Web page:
Review by Fiona Duncan, published 13th January 2011.
Too often, the cost of hotel bedrooms in this country makes me wince at their audacity and only very occasionally do they make me gasp at their generosity. The latter, I am happy to report, is the case at Headlam Hall where, especially in these sticky times, their seasonal packages represent stunningly good value.
But it wasn't love at first sight and I nearly didn't see the place at all. If you think I have a cushy job, think again. On this trip, I've had to be more Ranulph Fiennes than hotel guru, bravely battling my way through snow and ice.
It would be pointless to deny that there are parts of Headlam Hall that are best suited to my dad's stolid Aunt Amy, a miserable old bat who was convinced that anyone who died had done so "because of drink". The traditional bedrooms in the main house have a drab feel about them and need updating. Ours had a four-poster that creaked, and the deep, ancient bath in the ancient bathroom looked and felt more like a cattle trough.
Those were our first impressions. But not the only ones. Even in the short space of time between arriving and sleeping we were certain of one thing: the young staff, almost all from surrounding villages, were magic.
In the morning, and a world of white, we discovered that the hotel has much to offer and that the dowdy decoration in much of the main house was one half of a confusingly split look: the dining room, drawing room, spa and many of the bedrooms are newly done.
The story of Headlam Hall is one that I find in so many reliable hotels: family-owned and personally run. Robinson, a farmer, bought the small arable estate 30 years ago and decided that the best use for the big old house (they had their own home nearby) was to turn it into a "glorified b & b", with Mrs Robinson doing the cooking.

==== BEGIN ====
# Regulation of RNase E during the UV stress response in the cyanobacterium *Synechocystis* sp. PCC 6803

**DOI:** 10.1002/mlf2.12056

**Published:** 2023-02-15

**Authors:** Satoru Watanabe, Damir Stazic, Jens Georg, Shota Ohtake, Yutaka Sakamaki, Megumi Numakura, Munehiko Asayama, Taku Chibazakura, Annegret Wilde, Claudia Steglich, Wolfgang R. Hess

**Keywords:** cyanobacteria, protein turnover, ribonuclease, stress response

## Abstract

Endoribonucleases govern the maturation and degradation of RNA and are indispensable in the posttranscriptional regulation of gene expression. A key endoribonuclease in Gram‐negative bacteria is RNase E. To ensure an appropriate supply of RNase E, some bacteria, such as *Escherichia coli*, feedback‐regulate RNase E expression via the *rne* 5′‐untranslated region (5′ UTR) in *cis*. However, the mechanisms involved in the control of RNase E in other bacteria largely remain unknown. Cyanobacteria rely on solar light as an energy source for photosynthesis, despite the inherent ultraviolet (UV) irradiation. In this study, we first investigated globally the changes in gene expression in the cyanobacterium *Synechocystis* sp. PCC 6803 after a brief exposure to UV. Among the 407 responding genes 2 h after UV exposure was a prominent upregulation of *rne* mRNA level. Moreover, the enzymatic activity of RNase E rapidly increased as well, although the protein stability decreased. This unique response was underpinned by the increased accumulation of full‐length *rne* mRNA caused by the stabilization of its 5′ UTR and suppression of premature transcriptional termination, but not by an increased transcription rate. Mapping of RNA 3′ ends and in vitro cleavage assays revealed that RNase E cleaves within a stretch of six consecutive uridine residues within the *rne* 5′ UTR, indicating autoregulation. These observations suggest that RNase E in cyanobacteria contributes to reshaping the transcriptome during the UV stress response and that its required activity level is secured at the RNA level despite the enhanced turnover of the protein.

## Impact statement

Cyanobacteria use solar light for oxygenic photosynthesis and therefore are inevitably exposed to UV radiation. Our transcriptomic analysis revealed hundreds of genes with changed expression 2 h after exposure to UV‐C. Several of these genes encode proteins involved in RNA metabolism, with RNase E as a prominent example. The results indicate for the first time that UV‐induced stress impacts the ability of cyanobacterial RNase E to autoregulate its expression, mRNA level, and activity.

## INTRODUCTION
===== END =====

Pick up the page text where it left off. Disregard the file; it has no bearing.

Over the years it has greatly expanded, but never lost its heart. There are now 40 bedrooms, an appealing, well-designed four-year-old spa with outdoor hydrotherapy pool and a testing nine-hole golf course, all included in the incredibly reasonable room rate.
For example, the Winter Warmer package includes a deluxe room, dinner, breakfast, lunch or tea, for £79 per person; two people staying two nights pay £316.
Nowadays John's son, Thomas, runs the hotel, his daughter the spa and his other son the farm (is this The Archers?), while John ("I'm head of interference") pops in and out and rescues people from Darlington station.
- Headlam Hall, near Gainford, Darlington (01325 730238;www.headlamhall.co.uk). Doubles from £115 per night, including breakfast. Access possible for guests with disabilities. Trains to Darlington: East Coast (08457 225225; www.eastcoast.co.uk).
- Further information on the region at www.thisisdurham.com.
- FIONA'S CHOICE
WHERE TO EAT
The Raby Hunt Inn (01325 374237; www.rabyhuntrestaurant.co.uk) is a good gastropub in nearby Summerhouse.
The hotel has put together a booklet of walks you can do from its front door. I’d recommend the circular one to Gainford (4.5 miles), where there is a nice coffee shop at the top of the village green (16 High Green) called The Laurels (01325 730000;www.thelaurelsgainford.co.uk) where you can break your walk. A historic building, it occupies the site of the village’s old “Academy”, where Stan Laurel was a pupil.
WHAT TO SEE
The Bowes Museum (01833 690606; www.thebowesmuseum.org.uk; £8) in Barnard deserves more recognition. It contains the greatest collection of European fine and decorative arts outside London. Among the region’s many natural attractions, High Force is one of the most spectacular waterfalls in England. It’s located nearby on the Raby Castle estate at Forest-in-Teesdale. Raby Castle (01833 660202; www.rabycastle.com; £9.50; closed until Easter) itself is 20 miles farther east at Staindrop.